Puppet man returning to festival

Entertainer: Jack Foreaker enchants young and old with his whimsical creations.

SUMMER In Harford County

August 07, 2005|By Cassandra A. Fortin | Cassandra A. Fortin,SPECIAL TO THE SUN

A passion for puppetry took hold of Jack Foreaker when he was 4 years old.

"Our mailman gave me a puppet for Christmas one year and I jumped into a clothes hamper, which was my first puppet theater, and did a rendition of `Purple People Eater,'" said the 55-year-old Foreaker. "And I've been doing it ever since."

Despite his enthusiasm, Foreaker had to improvise because puppets and accessories weren't widely available.

"Puppets were hard to come by in the '50s and '60s, so I had to make my own," said Foreaker, an accomplished figure in the world of puppetry who worked with Muppets creator Jim Henson. "I created my own characters, and each one needed a puppet. I started my own make-your-own process. Where else could I get a giant talking toilet?"

Next weekend, Foreaker and a host of other performers and artisans will vie for the attention of an expected 20,000 people at the 25th annual Havre de Grace Seafood Festival at Tydings Park. And they'll have their work cut out for them because much of the focus will be on an enviable assortment of seafood, as well as other food and drink.

In addition to food and performers, more than 250 artisans and craftspeople will show their work.

"Every year I go through hundreds of applications and choose the best of them," said festival coordinator Lori Maslin. "This year we'll have all sorts of artists, including a copper artist, painters, pottery, decoy carvers as well as local candlemakers."

New to the festival this year is a 15-foot climbing wall, face-painters and temporary-tattoo artists. Also, a silent auction will be held each day. The Chesapeake Hospice will host a raffle for a 2005 Ford Mustang.

All proceeds from the festival -- after expenses of about $15,000 -- will be donated to the Haven House Alcohol and Drug Treatment program. Hours for the event will be 11 a.m. to 7 p.m. Saturday, and 11 a.m. to 6 p.m. Sunday. There is no admission charge.

Maslin said Foreaker has become a crowd favorite. He was invited to entertain a few years ago when Maslin was looking for something new, and now he's back by popular demand.

"We come every year to the festival, but my friends and I will be watching the puppet shows," said Brittany Cordell, a 20-year-old Bel Air resident. "They're hilarious. Not at all what I think of when I think of a typical puppet show."

In addition to performing, Foreaker makes puppets, spending hours each day working on his creations.

"I get an idea in my head and I do it as I go," said Foreaker. "I never use a pattern."

His first break as a puppeteer came in 1981 when he called Henson and was invited to visit him in his office.

"I just picked up the phone and called him and they actually patched me through to him," said Foreaker. "I then met and spent some time with him. I sent him videotapes of the work I did on PBS, and he critiqued it for me."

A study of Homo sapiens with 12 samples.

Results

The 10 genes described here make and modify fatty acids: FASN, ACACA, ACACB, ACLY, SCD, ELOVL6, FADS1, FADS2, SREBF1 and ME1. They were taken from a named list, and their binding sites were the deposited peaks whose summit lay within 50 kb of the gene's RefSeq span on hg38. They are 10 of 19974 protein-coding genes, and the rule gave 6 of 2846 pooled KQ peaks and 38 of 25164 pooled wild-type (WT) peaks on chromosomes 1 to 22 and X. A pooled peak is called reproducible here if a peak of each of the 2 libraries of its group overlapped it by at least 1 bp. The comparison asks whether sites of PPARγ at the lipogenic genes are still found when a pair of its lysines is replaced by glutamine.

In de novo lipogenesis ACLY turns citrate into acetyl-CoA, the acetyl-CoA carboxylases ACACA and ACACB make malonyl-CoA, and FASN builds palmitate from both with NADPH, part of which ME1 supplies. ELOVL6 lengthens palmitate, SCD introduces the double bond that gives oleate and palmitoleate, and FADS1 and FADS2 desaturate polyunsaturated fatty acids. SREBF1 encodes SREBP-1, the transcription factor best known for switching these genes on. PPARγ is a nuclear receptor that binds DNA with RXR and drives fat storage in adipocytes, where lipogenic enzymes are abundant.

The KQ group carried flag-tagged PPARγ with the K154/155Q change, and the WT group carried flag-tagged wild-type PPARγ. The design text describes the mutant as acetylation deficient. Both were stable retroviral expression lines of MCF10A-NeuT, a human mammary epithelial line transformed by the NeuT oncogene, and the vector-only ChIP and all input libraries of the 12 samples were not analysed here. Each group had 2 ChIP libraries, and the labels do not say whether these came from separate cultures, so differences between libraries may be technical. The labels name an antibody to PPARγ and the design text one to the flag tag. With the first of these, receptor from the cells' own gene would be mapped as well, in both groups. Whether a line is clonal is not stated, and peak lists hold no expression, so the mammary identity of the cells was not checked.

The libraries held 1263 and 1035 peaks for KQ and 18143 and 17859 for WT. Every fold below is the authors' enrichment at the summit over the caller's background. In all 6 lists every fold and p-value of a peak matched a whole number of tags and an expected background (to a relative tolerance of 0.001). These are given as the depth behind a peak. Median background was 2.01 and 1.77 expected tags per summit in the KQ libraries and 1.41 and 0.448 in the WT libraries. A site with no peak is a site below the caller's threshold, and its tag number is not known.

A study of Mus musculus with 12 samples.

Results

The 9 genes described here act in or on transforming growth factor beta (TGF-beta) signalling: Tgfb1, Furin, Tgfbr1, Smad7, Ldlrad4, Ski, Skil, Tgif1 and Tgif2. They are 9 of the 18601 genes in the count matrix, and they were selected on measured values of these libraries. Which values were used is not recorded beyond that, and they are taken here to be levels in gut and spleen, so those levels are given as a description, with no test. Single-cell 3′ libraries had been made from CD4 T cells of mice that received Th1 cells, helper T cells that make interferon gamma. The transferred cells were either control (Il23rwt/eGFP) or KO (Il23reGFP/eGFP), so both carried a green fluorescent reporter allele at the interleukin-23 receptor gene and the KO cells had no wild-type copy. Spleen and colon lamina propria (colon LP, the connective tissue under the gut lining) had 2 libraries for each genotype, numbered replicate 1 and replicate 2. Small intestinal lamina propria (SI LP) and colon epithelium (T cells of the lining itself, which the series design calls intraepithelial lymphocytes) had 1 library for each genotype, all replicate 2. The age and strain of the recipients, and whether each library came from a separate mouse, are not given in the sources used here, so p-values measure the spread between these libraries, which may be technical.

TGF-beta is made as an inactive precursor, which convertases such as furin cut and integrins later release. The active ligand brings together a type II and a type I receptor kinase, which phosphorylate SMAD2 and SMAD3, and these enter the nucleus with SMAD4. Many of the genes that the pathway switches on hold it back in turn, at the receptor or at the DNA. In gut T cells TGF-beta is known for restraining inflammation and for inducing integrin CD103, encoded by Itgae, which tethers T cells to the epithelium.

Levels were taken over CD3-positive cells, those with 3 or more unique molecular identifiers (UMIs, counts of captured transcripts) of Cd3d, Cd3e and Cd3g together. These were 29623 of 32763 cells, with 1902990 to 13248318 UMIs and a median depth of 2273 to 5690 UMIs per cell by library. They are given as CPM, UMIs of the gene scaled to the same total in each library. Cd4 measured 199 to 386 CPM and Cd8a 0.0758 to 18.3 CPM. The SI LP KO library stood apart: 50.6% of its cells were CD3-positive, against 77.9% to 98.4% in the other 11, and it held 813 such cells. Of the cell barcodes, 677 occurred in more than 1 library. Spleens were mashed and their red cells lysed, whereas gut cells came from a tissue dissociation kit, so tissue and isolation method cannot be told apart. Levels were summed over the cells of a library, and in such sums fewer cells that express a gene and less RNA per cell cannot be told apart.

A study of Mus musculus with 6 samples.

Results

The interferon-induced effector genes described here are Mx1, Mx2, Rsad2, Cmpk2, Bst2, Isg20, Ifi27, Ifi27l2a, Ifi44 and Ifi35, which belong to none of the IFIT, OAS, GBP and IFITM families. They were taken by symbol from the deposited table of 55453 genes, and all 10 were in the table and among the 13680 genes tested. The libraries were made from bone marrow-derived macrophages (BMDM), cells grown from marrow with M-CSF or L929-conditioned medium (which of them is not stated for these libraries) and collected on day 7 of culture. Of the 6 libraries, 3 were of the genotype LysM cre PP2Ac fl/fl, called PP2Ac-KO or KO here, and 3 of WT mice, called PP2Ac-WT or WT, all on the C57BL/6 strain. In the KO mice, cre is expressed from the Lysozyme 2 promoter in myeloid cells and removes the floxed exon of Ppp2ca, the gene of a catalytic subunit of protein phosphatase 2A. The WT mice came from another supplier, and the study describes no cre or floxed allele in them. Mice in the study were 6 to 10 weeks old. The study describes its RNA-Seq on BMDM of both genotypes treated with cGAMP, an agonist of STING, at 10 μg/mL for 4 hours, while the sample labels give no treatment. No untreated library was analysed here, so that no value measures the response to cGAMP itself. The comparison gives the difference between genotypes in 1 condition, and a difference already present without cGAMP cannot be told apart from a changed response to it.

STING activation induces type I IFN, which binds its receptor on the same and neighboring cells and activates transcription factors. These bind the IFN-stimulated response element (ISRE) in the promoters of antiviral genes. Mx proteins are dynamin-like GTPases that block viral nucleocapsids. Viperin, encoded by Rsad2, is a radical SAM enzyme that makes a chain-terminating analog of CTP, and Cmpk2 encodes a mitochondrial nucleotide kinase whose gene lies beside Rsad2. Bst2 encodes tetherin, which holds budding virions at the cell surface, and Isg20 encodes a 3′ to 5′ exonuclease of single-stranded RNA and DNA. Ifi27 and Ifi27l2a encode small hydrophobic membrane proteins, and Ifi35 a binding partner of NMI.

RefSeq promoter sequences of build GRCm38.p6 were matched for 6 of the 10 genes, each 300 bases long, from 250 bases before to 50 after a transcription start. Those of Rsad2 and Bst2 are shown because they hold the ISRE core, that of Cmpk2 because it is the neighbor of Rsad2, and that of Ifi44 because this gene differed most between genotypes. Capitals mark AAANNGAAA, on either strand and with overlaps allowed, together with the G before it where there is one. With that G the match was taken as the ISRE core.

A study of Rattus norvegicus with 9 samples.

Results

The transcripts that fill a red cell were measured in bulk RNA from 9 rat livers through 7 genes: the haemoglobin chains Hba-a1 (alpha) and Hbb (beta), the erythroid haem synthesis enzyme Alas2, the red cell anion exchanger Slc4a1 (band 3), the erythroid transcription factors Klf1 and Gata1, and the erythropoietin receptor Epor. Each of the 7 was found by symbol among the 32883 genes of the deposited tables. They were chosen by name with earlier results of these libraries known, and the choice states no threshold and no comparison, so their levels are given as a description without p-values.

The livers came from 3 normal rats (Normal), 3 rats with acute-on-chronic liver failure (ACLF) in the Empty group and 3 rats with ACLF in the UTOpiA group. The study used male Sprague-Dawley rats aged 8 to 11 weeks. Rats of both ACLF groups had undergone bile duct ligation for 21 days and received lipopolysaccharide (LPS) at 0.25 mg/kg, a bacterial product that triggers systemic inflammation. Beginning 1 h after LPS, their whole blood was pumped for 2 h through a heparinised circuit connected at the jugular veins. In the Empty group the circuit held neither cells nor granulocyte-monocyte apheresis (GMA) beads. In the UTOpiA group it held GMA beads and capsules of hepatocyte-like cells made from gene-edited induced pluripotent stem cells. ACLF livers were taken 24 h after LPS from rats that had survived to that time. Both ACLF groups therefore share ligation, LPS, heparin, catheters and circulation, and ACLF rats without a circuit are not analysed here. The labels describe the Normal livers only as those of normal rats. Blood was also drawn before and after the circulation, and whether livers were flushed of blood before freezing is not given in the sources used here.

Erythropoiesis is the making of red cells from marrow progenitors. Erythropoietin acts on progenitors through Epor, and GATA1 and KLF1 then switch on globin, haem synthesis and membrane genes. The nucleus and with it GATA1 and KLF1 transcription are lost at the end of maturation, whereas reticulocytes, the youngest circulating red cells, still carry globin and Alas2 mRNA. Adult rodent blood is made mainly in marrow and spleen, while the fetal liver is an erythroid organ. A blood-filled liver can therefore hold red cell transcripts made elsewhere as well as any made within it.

But the bigger break came for Foreaker when he auditioned in New York for Henson's film Muppets Take Manhattan.

"Through the process of elimination of about 600 people I won the role of the background puppets for Miss Piggy's wedding in the movie," Foreaker said.

Foreaker said he learned a lot from his mentor.

"Henson told me once after we'd gotten to know each other that he didn't like puppet shows, he just did what made him laugh," said Foreaker. "What he meant was, he didn't like doing things like Little Red Riding Hood or the traditional types of things. And I am the same way."

A few years later, Foreaker landed a spot as the opening act at the Three Little Bakers Dinner Theater, in Wilmington, Del. He's opened for such stars as Mickey Gilley, Charlie Daniels, Boots Randolph and the Beach Boys.

When he's not working with puppets, Foreaker is the executive director of Haven House. He has used some of his puppets to teach his patients about things like 12-step programs.

Since he does much of his work on the road, Foreaker has designed a portable puppet theater that folds up and fits in his van.

"The theater is 10 by 15 feet, so it takes quite a while and a pretty large space to set it up," said Foreaker. "Most of my puppets are done from the top of a covered step ladder that I cover."

Foreaker also hits the festival circuit during the summer, including the seafood festival.

"Last year I did a religious show Sunday morning with different nondenominational hymns, and people seemed to love it," said Foreaker. "I try to come up with shows that fit the occasion."

Foreaker will perform one show Aug. 13 and four Aug. 14.

In addition to Foreaker's shows, other entertainment and attractions will be provided throughout the weekend.

Among the artisans and craftspeople on hand will be candlemakers Sandra and Keith Williamson, owners of Chesapeake Country Candle in Havre de Grace.

"We go to a lot of the festivals and meet a lot of people," said Williamson. "Many of the people we meet that sit as vendors at the festivals get repeat customers and a following established, so we'll see if we get that this year."

Event coordinator Maslin said ending admission charges a few years ago has made a difference in attendance.

"We used to have people pay to get in, but now we changed that to having them pay for what they buy," said Maslin. "Attendance was low, and when we took the admission charge away, more people came. It's a great location, and people can come by car, or boat or on foot. There's fun for everyone, and we hope to get a great crowd this year."